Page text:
Retirement planning can be confusing and it can be difficult to know where to start.
When it comes to retirement planning the greatest challenge often is the wiring in our brains. Our brains are not wired to think long-term and retirements are longer now typically lasting several decades. To help you understand how our fuzzy brains get in the way of making smart financial decisions let’s start with a quick cup of coffee. Would you buy a cup of Java now for $2.00 OR a year from now receive $4.00. Which would you choose? The way our brains are wired makes our well-being in the future seem less important compared to today but getting $4 next year instead of a $2 cup of coffee today is a pretty good deal. Your job right now is to see that as clearly as you can and do your best to see your future needs are met.
Let’s look at another example of how our brains are not long-term wired. What if prices rise 3% next year, a $10 pizza will cost $0.30 more. Most would call the difference small and might not even notice but if prices continue to rise 3% a year in 20 years $10 could buy barely half a pizza. The point is smaller numbers can really get bigger over the course of a long retirement so when planning for retirement don't think in terms of dollars but always what those dollars can buy.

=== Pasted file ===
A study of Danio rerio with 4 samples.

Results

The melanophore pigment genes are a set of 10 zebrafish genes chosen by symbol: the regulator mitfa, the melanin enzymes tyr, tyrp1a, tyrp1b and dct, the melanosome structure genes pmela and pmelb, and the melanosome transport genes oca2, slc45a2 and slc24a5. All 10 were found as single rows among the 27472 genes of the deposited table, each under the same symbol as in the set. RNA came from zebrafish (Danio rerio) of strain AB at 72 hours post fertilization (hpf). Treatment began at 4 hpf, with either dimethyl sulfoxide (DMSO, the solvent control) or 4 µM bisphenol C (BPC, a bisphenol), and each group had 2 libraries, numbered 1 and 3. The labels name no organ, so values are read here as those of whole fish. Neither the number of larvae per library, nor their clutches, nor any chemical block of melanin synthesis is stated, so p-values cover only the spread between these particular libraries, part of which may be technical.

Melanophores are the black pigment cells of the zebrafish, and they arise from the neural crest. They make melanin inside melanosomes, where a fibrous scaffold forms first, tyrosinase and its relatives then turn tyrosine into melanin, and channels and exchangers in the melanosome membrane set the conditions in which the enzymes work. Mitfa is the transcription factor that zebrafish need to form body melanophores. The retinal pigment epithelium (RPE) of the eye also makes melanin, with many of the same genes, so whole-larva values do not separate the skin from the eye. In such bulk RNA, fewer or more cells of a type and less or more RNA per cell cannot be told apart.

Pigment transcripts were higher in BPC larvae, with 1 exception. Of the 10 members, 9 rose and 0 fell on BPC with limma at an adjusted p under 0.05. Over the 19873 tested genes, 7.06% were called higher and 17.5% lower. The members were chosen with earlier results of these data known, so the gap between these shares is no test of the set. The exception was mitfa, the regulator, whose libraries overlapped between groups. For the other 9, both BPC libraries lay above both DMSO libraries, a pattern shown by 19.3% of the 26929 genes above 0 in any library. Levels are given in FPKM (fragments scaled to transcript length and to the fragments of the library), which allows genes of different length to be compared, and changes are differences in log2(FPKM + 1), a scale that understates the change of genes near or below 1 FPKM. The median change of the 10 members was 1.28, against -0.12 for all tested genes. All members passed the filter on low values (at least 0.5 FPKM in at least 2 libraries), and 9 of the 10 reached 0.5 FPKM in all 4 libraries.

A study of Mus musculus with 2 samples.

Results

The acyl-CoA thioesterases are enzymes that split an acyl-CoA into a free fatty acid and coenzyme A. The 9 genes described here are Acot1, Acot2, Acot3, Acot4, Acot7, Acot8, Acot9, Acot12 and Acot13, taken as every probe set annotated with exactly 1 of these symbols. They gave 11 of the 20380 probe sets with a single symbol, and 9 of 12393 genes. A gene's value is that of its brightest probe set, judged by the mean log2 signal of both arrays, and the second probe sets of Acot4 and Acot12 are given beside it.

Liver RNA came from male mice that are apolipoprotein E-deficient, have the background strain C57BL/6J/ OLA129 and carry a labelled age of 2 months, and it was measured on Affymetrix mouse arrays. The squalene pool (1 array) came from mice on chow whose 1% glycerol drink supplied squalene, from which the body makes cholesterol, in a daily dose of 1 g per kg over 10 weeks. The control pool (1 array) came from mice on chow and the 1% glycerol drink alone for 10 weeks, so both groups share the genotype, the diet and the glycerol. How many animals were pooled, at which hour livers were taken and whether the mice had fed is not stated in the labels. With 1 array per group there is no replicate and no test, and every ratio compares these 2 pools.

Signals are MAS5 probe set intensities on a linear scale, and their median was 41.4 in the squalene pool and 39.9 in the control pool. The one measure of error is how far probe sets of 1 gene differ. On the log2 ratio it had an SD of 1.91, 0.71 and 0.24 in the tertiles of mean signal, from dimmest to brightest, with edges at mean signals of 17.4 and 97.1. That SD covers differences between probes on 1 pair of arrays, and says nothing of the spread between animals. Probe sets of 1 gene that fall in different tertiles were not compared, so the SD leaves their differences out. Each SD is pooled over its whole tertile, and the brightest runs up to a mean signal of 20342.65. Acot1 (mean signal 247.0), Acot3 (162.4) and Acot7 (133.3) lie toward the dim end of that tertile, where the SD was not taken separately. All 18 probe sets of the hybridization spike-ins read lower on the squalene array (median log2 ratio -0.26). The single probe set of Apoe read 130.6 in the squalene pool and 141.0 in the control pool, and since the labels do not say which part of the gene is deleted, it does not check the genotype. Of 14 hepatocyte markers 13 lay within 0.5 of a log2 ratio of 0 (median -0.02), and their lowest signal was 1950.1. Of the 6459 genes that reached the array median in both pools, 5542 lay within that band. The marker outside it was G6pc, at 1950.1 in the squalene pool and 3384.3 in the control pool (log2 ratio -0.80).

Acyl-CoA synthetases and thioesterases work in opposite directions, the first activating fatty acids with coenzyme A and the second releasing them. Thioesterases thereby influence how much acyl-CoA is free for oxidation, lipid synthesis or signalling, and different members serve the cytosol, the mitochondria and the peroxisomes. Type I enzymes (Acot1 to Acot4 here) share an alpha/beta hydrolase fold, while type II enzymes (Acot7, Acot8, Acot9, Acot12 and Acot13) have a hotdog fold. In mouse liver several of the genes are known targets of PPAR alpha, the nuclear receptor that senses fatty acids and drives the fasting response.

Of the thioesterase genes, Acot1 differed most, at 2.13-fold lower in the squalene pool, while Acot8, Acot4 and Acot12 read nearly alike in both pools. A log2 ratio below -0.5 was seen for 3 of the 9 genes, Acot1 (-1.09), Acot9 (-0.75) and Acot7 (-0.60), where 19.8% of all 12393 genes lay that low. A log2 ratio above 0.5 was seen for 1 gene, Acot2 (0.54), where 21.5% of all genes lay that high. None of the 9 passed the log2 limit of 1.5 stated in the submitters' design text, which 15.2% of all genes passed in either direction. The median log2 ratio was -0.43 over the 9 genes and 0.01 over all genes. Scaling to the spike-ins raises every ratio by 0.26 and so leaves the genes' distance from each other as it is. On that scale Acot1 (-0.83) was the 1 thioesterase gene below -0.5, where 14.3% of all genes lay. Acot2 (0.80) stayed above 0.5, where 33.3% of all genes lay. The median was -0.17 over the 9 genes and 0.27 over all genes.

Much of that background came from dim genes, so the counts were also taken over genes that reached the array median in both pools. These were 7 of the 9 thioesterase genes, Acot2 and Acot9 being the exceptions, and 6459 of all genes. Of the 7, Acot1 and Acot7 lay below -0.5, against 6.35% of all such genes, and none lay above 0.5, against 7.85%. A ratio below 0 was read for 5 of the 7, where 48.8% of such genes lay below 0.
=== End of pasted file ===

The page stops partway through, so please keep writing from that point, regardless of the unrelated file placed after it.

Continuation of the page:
The way we are wired also distorts how we see ourselves. Take driving. Most people have been driving for decades with very few accidents or tickets. So compared to those other folks on the road, what kind of driver are you? One survey states that most people, 94%, think that they're above average drivers. That's a pretty rosy picture and optimism is a terrific trait but not if it puts us in danger. The reality is that only 49% of drivers can be above average. The rest are not, even though nearly all think they are.
When we are younger our optimism hopes for continued good health but as people increase in age they also increasingly get sick and health care costs historically increase too. In addition, financial ups and downs are also likely over the course of a long retirement but too many of us hope we won't get hit. Life is best if we stay optimistic but it makes sense to snap on a seatbelt and take reasonable precautions. Have a plan for what you'll do when good things go bad. Retirement planning takes time and a step at a time. And finally don’t get overwhelmed and when it's time to take the next step don't procrastinate.
Now you can take your financial future to the next level with an IRA from Church Extension Fund. When you entrust your retirement savings to CEF you’ll help finance the growth of Michigan churches, schools and ministries, while growing your own investment with an attractive rate of return. CEF can also help you transfer an existing IRA or roll over your 401(k) to a CEF IRA. Before you know it you'll have your plan and then you can put your feet up and enjoy your retirement.